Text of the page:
File created 21 February 2009. Updated 11 April 2013. This file is not regularily revised.
The primary page for CS207 is the CS Wiki for CS207
That page, and its subsidiary pages will be updated as the course progresses. It also contains pointers to prior year's weekly class notes, readings, references, etc.,
This page is only an introduction to CS207.
This course is intended for students interested in the software industry at all levels. It will provide an understanding how software products are moved into the marketplace and how the resulting intellectual property is exploited. No specific background is required. The course will introduce concepts that are outside of the common knowledge of computer scientists and requires becoming familiar with relevant business terms and concepts. Spreadsheet computations will be used to quantitatively compare alternatives. The understanding gained will have broader applicability than just software, but also contribute to informed decision-making in high-tech product design, acquisition, production, marketing, selection of business structures, outsourcing, and the impact of offshoring and taxation policies.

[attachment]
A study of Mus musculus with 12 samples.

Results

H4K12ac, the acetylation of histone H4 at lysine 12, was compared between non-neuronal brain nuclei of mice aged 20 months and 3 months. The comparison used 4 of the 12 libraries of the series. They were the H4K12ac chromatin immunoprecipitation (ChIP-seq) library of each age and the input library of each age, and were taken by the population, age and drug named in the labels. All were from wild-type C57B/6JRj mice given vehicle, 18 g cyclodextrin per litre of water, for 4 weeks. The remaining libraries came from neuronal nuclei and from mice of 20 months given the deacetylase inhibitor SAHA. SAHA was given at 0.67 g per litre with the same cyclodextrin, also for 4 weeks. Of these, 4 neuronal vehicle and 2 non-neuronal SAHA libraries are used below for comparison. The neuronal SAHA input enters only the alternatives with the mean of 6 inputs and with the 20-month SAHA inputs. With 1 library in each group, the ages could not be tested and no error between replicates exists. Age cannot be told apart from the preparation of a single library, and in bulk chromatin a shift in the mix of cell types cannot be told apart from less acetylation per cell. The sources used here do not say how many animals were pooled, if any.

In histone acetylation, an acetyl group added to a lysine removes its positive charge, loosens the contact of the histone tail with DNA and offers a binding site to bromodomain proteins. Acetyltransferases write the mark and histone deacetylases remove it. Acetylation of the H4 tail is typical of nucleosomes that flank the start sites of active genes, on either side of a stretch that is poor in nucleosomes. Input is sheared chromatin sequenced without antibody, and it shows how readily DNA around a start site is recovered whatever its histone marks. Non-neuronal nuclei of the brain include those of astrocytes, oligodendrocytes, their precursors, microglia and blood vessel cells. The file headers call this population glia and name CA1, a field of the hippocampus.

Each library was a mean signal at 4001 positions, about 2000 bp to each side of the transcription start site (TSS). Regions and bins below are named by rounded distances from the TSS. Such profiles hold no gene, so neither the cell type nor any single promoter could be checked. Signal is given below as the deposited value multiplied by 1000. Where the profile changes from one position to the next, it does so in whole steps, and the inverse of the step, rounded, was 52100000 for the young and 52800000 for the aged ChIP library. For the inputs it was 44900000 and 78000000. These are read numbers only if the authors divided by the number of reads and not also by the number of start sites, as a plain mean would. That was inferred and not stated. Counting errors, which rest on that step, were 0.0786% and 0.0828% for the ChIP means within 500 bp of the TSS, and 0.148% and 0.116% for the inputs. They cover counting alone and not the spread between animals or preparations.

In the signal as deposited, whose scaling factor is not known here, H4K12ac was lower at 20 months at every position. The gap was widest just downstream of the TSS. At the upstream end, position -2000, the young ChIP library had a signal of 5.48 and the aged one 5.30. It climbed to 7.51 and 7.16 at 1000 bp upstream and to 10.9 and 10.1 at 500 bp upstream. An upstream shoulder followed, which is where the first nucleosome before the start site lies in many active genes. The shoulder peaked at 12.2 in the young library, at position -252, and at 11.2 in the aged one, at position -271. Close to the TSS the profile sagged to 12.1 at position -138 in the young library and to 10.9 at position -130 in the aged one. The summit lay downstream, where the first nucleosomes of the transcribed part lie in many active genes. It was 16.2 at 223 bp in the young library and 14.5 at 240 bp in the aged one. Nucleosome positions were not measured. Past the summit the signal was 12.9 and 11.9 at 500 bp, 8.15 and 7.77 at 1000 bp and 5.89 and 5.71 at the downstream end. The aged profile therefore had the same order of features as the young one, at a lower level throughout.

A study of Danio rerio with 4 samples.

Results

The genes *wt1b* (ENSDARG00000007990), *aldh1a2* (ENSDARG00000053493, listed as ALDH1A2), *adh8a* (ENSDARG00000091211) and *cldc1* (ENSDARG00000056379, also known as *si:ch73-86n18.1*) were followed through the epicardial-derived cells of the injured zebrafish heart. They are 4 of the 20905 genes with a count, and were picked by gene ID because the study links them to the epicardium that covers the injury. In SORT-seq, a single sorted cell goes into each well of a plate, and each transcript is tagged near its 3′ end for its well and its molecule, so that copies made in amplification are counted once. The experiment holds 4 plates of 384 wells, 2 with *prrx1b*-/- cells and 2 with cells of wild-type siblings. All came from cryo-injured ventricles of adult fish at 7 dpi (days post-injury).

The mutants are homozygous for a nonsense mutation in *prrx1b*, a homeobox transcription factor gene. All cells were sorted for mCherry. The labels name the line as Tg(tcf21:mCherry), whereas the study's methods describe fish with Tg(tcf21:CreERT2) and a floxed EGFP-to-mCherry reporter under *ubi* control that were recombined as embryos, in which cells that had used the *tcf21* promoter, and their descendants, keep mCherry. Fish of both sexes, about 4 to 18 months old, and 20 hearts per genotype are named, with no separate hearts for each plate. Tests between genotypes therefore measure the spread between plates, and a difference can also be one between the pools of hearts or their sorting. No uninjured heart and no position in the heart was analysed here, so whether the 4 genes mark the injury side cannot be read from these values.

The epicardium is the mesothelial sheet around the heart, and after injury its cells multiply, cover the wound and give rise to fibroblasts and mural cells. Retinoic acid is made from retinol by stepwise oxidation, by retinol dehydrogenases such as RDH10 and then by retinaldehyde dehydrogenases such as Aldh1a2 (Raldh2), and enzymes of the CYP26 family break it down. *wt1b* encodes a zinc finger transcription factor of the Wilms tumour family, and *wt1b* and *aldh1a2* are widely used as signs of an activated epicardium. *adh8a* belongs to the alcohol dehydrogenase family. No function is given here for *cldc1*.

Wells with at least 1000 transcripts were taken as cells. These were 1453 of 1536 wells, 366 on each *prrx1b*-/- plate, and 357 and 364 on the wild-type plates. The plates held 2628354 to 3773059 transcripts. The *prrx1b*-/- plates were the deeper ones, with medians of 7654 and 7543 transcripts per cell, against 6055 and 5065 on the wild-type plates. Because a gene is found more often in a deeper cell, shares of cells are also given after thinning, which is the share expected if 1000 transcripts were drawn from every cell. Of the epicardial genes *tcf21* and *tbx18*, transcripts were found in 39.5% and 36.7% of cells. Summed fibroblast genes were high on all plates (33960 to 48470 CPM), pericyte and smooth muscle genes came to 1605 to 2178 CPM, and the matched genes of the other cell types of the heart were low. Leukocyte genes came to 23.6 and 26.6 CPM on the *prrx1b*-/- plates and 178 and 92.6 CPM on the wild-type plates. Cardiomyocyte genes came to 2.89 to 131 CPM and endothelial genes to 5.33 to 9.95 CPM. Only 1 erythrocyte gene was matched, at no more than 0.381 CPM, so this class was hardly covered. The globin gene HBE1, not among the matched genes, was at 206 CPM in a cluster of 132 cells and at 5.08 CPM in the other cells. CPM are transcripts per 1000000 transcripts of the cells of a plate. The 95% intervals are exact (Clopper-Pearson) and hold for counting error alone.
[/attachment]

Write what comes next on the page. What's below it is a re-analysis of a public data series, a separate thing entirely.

CS207 is a class with an objective, not a seminar.
Why should software be valued? Principles of valuation. Cost versus value. Market value of software companies. Examples of estimation of the value of software. Intellectual capital and property (IP). The role of patents, copyrights, and trade secrets. Open source software. Life and lag of software innovation. Sales expectations and discounting. Alternate business models. Licensing. Separation of use rights from the property itself. Risks when outsourcing and offshoring development. Effects of using taxhavens to house IP.
Most two-hour sessions will consist of a 50-minute course style presenation on a topic and a 50-minute presentation by an outside expert in the same topic, allowing for some discussion. When there is no outside speaker, the discussion will be among the class particpants.
C207 is offered for 2 units, P/F for
All submissions in electronic form to Gio@cs.stanford.edu.